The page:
A Victorian land tax New Year’s surprise

by | Oct 25, 2019

Buried in the Victorian 2019/20 Budget Papers was a change to the land tax treatment of a common scenario that will prove to be an unwelcome surprise for many land owners when the Victorian 2020 Land Tax assessments roll out.

Where a natural person owns land that is used as the person’s principal place of residence (‘PPR’), it is exempt from land tax under s. 54(i) of the Land Tax Act 2005 (LTA).

Until now, s. 54(3) extended the exemption to other land owned by the person where the other land:

  • is contiguous to the PPR land (or is separated by a road or railway or similar area across which movement was reasonably possible);
  • enhances the PPR land;
  • is used solely for the private benefit and enjoyment of the person who uses and occupies the PPR land; and
  • does not contain a separate residence.

In practical terms, this means that where a person’s residence (the building structure) and gardens, garage or other amenities such as tennis courts or swimming pools were located on adjacent titles the land tax exemption would routinely apply to all pieces of land.

This scenario may have arisen from acquisition of adjacent titles over the years.

However, a more recent trend is for a subdivision of a single title with sale/development opportunities in mind. The ‘aggregated’ land (despite comprising multiple adjacent titles) may still serve as a person’s PPR land. For example, with a view to taking advantage of future sale/development opportunities, a single lot might be subdivided into 3 lots comprising and separate certificates of title issued for each lot: title A – the front garden; title B – the residence; and title C – the rear garden and garage.

The Budget change (now enacted) has imposed an additional condition in section 54(3). From the 2020 Land Tax year, the section 54(3) exemption will now only apply to ‘contiguous’ land where both it and the PPR land are wholly in regional Victoria. As the term ‘regional Victoria’ suggests, the change will have a major impact on landowners closer to the CBD. The scope of what is in regional Victoria is detailed on the Victorian Revenue website.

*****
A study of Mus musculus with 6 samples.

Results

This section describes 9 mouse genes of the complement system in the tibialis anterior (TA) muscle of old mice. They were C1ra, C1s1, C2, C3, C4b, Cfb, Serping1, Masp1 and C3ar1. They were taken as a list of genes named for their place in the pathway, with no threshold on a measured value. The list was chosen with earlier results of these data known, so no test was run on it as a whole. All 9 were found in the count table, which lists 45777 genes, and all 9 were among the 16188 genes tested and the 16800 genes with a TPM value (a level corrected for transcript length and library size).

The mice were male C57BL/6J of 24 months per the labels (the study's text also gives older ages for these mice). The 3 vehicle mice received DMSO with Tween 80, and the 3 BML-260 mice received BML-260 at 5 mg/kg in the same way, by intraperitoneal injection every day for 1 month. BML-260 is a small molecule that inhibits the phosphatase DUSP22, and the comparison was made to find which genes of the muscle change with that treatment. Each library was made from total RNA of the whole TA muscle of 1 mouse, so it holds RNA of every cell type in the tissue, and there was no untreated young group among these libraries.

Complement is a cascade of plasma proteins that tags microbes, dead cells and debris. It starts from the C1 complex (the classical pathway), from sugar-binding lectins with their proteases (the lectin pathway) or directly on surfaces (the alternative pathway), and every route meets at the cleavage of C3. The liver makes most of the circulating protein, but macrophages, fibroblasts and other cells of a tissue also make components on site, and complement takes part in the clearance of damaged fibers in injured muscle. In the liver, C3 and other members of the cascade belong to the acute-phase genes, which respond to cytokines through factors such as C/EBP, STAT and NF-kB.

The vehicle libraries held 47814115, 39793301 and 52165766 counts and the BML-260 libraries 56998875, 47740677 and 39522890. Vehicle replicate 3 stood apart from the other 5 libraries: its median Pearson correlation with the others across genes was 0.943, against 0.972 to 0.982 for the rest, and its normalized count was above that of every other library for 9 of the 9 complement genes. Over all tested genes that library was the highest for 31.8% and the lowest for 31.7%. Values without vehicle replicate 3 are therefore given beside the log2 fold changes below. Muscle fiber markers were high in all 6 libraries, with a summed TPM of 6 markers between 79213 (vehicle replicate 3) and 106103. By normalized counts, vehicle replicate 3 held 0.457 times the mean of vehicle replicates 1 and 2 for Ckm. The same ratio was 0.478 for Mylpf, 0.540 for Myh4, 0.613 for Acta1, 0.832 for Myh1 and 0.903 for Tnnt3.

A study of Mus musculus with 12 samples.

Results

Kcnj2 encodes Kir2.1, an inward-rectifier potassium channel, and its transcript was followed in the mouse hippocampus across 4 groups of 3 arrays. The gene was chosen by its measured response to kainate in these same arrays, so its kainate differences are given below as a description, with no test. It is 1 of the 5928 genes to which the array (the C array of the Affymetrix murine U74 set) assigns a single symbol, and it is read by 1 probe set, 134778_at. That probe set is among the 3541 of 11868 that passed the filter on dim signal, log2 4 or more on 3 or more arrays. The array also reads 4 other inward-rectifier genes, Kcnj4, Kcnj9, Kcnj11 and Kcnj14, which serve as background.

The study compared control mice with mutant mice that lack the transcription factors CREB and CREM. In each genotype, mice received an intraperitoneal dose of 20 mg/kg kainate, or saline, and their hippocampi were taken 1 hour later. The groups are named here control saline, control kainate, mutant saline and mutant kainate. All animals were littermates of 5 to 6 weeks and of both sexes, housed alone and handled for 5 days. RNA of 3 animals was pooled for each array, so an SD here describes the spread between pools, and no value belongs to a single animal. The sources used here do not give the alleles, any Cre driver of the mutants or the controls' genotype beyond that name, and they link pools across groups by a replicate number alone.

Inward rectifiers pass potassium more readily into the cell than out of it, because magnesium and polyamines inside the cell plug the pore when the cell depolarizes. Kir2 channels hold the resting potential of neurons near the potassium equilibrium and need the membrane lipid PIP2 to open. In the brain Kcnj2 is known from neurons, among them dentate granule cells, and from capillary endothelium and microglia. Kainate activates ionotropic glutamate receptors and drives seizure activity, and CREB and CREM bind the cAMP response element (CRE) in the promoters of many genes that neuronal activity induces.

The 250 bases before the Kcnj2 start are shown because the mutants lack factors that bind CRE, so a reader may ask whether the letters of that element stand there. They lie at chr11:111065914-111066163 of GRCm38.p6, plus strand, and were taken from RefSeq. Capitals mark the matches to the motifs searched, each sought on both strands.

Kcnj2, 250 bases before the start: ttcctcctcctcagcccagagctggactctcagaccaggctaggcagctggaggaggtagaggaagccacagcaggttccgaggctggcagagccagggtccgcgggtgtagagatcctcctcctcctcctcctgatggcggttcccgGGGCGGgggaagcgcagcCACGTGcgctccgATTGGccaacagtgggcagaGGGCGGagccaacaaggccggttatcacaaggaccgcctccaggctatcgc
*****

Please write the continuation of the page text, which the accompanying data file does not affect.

The outcome is that many landowners should now expect to receive land tax assessments in 2020 for separately titled land, notwithstanding that land is used and enjoyed as part of their principal place of residence.

Consideration of anti-avoidance provisions (e.g. ss. 101 and 102 LTA) aside, a landowner who may be willing to consolidate titles through lodgement of a plan of consolidation so as not to be subject to the measure must have the plan registered with the Register of Titles by 31 December 2019 for this to be effective for the 2020 Land Tax year.

In many instances, as the SRO will not know on which title the building structure is located, assessments may be received for all titles. As a result, landowners will need to take action to ensure at least the title(s) containing the residence enjoy exemption.

Landowners who might be affected by the change should immediately consider their precise circumstances in the context of the SRO’s approach to applying the LTA and the SRO’s view of the nuances of the practical reach of the change.

Further (presently limited) explanation of the change is available on the Victorian Revenue website.

This article was prepared by Michael Doran and Andrew Orange.

This article provides a general summary of the subject covered and cannot be relied upon in relation to any specific instance. Webb Martin Consulting Pty Ltd and any person connected with its production disclaim any liability in connection with any use. It is not intended to be, nor should it be relied upon as, a substitute for professional advice.